While many people are great about things like getting their oil changed, their teeth cleaned, or their eyes examined, many folks are not very diligent about looking after their biggest organ- their skin. According to the American Cancer Society, more skin cancers are diagnosed every year in the United States than all the other cancers combined.
About 1 out of 5 Americans will develop skin cancer in their lifetime. Even the most dangerous skin cancer, malignant melanoma, has a very high survival rate of five years if it is caught and treated at an early stage.
If you have a primary care physician (which you all should), a skin check can be included in your annual physical exam. It doesn't cost you more, nor does it really add a lot of time to the appointment.
The most important fact beyond the annual exam is that you need to examine your own skin. The easiest technique is to pay attention to anything on your skin that is new, is changing, or looks different than other areas of your skin.
Any particular spots you may notice need to be checked by your PCP or a skin specialist like a dermatologist. These professionals can then make a diagnosis and decide whether or not a skin biopsy is necessary for you.
A number of factors can increase your possible risk of developing skin cancer. If you have one or more of these, you need to have your skin scrutinized more closely and more often. The most important risk factors are the following:
- Family History- Like many other cancers, your heredity plays a major role in your susceptibility to develop skin cancer.
- Skin Type- People with lighter skin color (e.g. Fitzpatrick skin type 1-2) in particular are at higher risk for skin cancer.
- Sun Exposure- 90% of skin cancers are directly linked to long-term exposure to ultraviolet light. This sad-but-true fact is why we stress the importance of wearing sunscreen every day and avoiding tanning beds altogether. By itself, using tanning beds before the age of 35 increases the chances of developing melanoma by 75%.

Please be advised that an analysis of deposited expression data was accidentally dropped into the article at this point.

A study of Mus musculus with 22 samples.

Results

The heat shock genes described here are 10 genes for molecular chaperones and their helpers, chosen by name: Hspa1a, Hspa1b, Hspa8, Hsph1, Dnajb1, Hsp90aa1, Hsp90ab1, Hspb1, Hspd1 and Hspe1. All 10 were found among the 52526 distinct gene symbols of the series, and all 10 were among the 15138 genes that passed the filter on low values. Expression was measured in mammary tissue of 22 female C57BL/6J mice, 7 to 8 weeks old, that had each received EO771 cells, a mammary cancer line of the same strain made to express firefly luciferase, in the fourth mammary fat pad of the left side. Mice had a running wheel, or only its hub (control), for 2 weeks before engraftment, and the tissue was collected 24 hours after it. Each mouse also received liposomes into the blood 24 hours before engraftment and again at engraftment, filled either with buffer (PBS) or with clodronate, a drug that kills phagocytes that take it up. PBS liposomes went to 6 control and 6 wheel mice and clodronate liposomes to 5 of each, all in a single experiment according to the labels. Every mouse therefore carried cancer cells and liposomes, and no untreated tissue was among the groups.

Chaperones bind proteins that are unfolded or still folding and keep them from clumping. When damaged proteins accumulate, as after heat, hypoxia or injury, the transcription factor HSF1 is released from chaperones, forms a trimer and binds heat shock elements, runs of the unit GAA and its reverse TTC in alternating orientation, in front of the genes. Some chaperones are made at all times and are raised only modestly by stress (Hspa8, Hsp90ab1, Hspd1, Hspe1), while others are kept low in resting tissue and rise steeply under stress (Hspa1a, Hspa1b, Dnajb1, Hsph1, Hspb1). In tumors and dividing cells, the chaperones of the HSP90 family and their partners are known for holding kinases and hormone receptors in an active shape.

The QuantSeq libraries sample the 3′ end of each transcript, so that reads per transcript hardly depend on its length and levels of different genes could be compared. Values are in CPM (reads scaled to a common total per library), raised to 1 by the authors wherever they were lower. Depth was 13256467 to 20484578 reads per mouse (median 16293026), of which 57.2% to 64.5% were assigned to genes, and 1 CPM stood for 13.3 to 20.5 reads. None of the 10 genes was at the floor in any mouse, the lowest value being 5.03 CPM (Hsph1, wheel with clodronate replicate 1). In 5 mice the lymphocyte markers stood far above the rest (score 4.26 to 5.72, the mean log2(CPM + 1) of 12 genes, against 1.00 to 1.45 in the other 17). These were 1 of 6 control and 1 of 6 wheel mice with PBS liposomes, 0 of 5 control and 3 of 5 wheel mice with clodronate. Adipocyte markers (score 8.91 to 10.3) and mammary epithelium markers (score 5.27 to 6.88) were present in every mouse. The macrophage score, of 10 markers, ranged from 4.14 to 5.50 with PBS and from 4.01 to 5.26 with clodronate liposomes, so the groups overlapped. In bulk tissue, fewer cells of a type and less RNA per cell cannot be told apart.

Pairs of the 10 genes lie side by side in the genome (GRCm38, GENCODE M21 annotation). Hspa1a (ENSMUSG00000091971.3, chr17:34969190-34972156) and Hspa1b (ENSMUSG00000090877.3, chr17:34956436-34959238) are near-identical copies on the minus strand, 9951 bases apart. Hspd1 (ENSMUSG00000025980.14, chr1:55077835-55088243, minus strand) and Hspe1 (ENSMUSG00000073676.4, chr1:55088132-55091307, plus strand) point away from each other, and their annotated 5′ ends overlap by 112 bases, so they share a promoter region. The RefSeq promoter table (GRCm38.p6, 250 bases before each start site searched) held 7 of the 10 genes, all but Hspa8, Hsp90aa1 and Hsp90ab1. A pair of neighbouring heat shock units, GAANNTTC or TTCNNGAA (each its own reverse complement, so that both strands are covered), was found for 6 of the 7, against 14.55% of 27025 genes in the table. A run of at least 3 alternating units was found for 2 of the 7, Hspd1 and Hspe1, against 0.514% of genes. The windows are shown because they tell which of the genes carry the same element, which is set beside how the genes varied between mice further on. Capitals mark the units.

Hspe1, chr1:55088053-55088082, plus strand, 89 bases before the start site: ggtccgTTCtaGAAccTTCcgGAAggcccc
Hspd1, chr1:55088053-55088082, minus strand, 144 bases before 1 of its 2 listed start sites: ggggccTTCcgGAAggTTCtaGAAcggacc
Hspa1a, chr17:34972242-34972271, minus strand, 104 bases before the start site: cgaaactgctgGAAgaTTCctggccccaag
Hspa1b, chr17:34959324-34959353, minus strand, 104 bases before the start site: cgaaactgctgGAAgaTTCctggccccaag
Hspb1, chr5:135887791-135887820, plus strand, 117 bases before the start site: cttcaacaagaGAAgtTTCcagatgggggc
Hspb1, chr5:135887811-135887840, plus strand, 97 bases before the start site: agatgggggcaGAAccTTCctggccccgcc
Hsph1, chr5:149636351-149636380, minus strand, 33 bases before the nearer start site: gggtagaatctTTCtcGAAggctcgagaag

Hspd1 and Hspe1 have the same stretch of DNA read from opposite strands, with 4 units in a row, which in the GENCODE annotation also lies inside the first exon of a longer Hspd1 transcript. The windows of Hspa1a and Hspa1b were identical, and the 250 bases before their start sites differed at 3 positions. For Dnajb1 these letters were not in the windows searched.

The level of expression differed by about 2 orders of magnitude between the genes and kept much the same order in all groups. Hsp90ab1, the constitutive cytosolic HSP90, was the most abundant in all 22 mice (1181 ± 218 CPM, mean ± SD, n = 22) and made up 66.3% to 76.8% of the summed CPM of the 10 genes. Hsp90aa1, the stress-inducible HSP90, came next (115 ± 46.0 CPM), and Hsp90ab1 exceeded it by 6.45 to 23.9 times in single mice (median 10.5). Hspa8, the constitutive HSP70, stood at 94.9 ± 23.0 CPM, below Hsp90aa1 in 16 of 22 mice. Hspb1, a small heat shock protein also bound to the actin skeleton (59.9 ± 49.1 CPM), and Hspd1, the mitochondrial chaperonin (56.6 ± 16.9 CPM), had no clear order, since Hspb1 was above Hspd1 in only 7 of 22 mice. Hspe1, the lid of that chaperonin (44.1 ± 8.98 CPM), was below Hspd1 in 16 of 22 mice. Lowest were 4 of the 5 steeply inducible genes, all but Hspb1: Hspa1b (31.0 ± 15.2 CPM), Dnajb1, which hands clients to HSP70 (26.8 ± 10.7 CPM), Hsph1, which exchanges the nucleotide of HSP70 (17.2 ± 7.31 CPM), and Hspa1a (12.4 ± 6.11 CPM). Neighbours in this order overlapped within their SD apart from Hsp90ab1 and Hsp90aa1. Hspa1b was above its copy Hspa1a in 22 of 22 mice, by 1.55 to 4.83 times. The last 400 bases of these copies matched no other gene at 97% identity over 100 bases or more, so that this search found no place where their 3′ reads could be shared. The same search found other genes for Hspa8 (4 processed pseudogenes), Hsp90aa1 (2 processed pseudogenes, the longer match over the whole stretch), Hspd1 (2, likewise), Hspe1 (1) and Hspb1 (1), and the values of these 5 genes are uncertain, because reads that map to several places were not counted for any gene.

- Sunburns- This is a variation of factor #3, but carries even more risk. It also emphasizes the importance of sunscreen use, especially for children. Having more than 5 sunburns during childhood doubles the risk of skin cancer over the course of your lifetime.
- Lifestyle- Smoking and chronic exposure to environmental pollution also have compounding effects on your baseline risk of skin cancer.
The bottom line is you need to pay attention to your skin, especially in terms of changes of any spot, and have it checked by your PCP or dermatologist. As with all of what we preach here at Maine Laser Skin Care, prevention is the best medicine.
Remember that no tan is a safe tan. Using sunscreen every day is by far the best thing you can do to prevent skin cancer and to decrease the appearance of premature aging.
Now that the COVID-19 quarantine restrictions have loosened up here in Maine, we will be glad to look at your skin critically and come up with a plan to catch up on your maintenance of your skin care regimen. A relaxing facial is a great place to start, and you can stock up on sunscreen while our 20% off special continues.
Call us at (207) 873-2158 for our Augusta office, or (207) 303-0125 for our Scarborough office to reserve your spot now. Until your next appointment, please stay home as often as you can, stay safe, and we will all get through this entire pandemic together.